March 31, 2015
Because of the financial situation in the job market, many individuals have changed jobs and even careers in the past few years. The employment change almost always impacts child support calculation.
What options are available to the Court? The court has the option to impute income – this simply means that a court can treat a person as having more income than he or she actually earns at that moment. It is often used to make sure that a party does not stay unemployed to avoid paying child support . However, the Court can also impute additional income to a party that is employed.
Before the Court can impute income, it looks to see whether the party is attempting to evade paying child support, or has not taken advantage of an employment opportunity. For example, if you turn down a job offer that is in your field, the court may determined that you have unreasonably failed to take advantage of an opportunity. Another example is if you switch careers, and take a significant pay cut.
If the Court determines that income should be imputed, the next question is how much? In many circumstances, the court will impute income equal to the amount the person would be capable of earning given his or her set of skills, education, and experience. One indicator the courts look to is the past history of earnings. So if an employed party changes careers in bad faith, the court may impute income, and order that the party pay support at a higher level than he or she expected.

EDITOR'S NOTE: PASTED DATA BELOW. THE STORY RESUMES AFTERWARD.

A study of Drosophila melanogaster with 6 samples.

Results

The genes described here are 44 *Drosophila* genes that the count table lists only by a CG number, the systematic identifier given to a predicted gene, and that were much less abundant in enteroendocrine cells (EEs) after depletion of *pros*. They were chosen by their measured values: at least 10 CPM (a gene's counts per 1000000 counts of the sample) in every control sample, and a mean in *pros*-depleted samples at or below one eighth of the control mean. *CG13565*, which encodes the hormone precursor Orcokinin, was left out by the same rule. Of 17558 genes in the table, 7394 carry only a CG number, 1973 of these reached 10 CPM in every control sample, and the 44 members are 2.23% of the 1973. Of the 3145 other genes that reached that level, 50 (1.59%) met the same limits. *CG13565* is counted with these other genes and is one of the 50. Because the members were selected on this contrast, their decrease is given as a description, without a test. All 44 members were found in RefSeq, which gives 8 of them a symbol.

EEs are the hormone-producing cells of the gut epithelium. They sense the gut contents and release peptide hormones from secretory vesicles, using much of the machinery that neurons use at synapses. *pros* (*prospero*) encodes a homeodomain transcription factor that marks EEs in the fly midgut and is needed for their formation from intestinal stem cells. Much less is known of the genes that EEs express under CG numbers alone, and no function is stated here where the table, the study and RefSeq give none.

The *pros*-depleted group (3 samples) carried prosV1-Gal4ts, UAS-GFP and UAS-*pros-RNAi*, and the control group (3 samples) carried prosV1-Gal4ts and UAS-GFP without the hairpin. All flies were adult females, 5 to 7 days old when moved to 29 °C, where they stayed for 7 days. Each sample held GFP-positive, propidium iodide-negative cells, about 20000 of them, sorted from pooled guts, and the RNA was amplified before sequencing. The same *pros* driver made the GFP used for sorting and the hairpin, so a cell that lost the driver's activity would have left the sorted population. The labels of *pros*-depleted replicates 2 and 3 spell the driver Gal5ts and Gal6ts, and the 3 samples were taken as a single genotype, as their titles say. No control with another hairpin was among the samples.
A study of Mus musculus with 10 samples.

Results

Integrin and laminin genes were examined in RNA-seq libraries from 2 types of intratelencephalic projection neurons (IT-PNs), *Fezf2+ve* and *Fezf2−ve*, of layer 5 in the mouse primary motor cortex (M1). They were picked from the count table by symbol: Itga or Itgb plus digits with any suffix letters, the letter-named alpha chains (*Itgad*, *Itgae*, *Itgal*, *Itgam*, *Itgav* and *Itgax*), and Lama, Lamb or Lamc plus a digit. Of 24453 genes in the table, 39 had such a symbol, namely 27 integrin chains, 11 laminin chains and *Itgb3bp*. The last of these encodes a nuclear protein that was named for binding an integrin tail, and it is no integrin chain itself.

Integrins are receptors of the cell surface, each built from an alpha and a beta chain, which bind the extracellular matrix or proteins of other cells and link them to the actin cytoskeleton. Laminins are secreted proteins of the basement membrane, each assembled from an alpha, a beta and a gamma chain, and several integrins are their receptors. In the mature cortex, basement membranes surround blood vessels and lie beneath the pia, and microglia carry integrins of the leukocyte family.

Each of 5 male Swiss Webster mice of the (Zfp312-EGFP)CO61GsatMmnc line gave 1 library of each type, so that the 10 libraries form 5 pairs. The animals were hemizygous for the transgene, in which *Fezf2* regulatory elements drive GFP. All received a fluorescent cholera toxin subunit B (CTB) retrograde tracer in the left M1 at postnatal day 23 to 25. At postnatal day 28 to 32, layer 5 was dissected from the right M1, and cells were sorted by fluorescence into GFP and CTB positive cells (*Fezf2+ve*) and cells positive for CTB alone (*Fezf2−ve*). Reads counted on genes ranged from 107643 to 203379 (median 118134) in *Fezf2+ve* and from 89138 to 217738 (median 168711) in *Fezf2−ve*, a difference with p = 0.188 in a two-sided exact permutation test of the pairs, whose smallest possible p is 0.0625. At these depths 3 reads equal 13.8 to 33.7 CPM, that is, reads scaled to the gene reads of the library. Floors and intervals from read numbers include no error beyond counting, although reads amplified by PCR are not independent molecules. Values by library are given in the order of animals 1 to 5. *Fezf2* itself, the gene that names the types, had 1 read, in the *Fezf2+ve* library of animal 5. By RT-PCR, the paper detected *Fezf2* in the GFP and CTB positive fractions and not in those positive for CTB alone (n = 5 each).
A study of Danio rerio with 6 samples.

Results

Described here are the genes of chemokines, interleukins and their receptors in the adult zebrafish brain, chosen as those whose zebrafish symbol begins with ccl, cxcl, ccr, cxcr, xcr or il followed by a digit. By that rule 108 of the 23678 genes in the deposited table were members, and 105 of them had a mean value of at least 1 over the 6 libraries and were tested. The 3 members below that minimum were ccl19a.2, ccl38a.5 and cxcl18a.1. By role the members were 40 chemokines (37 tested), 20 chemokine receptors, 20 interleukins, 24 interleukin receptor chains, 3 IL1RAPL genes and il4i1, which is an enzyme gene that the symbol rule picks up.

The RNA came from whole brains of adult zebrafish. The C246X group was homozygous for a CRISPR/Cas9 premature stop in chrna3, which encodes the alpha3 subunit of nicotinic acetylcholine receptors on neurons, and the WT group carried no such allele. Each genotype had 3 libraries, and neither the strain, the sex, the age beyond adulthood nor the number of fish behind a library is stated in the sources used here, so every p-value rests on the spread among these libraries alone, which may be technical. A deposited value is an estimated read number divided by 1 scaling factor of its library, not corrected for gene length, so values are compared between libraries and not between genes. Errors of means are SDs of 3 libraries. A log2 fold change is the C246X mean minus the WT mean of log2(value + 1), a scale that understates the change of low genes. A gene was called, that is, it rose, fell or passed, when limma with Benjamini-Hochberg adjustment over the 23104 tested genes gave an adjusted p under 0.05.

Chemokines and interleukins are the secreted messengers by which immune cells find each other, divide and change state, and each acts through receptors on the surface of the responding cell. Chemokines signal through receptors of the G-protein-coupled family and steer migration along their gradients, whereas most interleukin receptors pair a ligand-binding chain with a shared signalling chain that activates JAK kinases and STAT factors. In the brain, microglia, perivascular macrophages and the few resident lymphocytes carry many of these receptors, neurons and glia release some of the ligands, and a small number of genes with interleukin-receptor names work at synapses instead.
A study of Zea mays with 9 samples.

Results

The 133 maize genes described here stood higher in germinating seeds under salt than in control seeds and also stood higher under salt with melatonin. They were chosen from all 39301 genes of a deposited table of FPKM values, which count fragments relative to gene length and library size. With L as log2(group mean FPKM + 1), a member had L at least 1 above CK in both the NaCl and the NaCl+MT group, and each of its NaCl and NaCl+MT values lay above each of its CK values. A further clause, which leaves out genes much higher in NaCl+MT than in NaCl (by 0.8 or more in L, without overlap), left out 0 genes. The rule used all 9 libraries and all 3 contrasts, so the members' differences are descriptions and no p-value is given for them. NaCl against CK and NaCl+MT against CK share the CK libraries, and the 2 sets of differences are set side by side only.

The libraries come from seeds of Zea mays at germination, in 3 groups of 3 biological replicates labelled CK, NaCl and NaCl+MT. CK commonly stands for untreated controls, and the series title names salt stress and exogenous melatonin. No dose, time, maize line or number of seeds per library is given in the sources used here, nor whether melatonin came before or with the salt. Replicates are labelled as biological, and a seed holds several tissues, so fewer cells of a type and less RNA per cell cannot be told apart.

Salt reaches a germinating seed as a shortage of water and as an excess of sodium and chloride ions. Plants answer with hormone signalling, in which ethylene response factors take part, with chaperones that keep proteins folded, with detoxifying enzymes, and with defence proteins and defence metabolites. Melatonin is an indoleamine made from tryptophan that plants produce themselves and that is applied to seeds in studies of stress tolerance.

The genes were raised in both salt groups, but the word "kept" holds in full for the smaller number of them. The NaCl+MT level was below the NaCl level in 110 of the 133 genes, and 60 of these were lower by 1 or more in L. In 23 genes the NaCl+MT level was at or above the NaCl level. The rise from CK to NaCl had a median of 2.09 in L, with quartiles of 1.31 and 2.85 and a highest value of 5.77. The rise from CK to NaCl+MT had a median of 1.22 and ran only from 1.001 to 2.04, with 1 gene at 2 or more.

So when considering a career change, or if you have lost your job, you should be aware of all the variables, and how it affects your child support calculation. After all, your employment affects not only you, but your children as well.
March 17, 2015
When your ex spouse or significant other and you enter into an agreement regarding custody and visitation, what do you do when your ex decides not to follow it?
Is it worth it to call your attorney? You may try to work it out between yourselves, or wonder if your attorney can contact your ex’s attorney. This approach may work if the violation of the agreement is more of a misunderstanding or a misinterpretation of the agreement. For example: the agreement says visitation with mother the first weekend of the month from Friday after school to Monday morning. But in this month, March 1 was a Sunday. So does the first weekend of March count as February 27-March 2, or March 6-March 9? This type of misinterpretation can likely be worked out between counsel or between the parties.
However, if the breach of the agreement is more serious – such as refusing to allow visitation on a holiday, or not paying child support, then you may have to resort to filing something in court. First, your attorney will contact the other side and demand that the violations cease. With a child support issue, your attorney can ask that your ex cure the breach. If the violation is not cured, and/or keeps occurring, then you may be forced to go to court to get relief.
The Court has various options when one party is not following the agreement. The Judge may just decide to make the other party comply by coming back to court for status hearings. If the behavior is egregious enough, the Court may decide that jail time is a necessary punishment.
So if your ex is not following your agreement or the court order, you should explore all your options to make sure you are protected, as well as your family.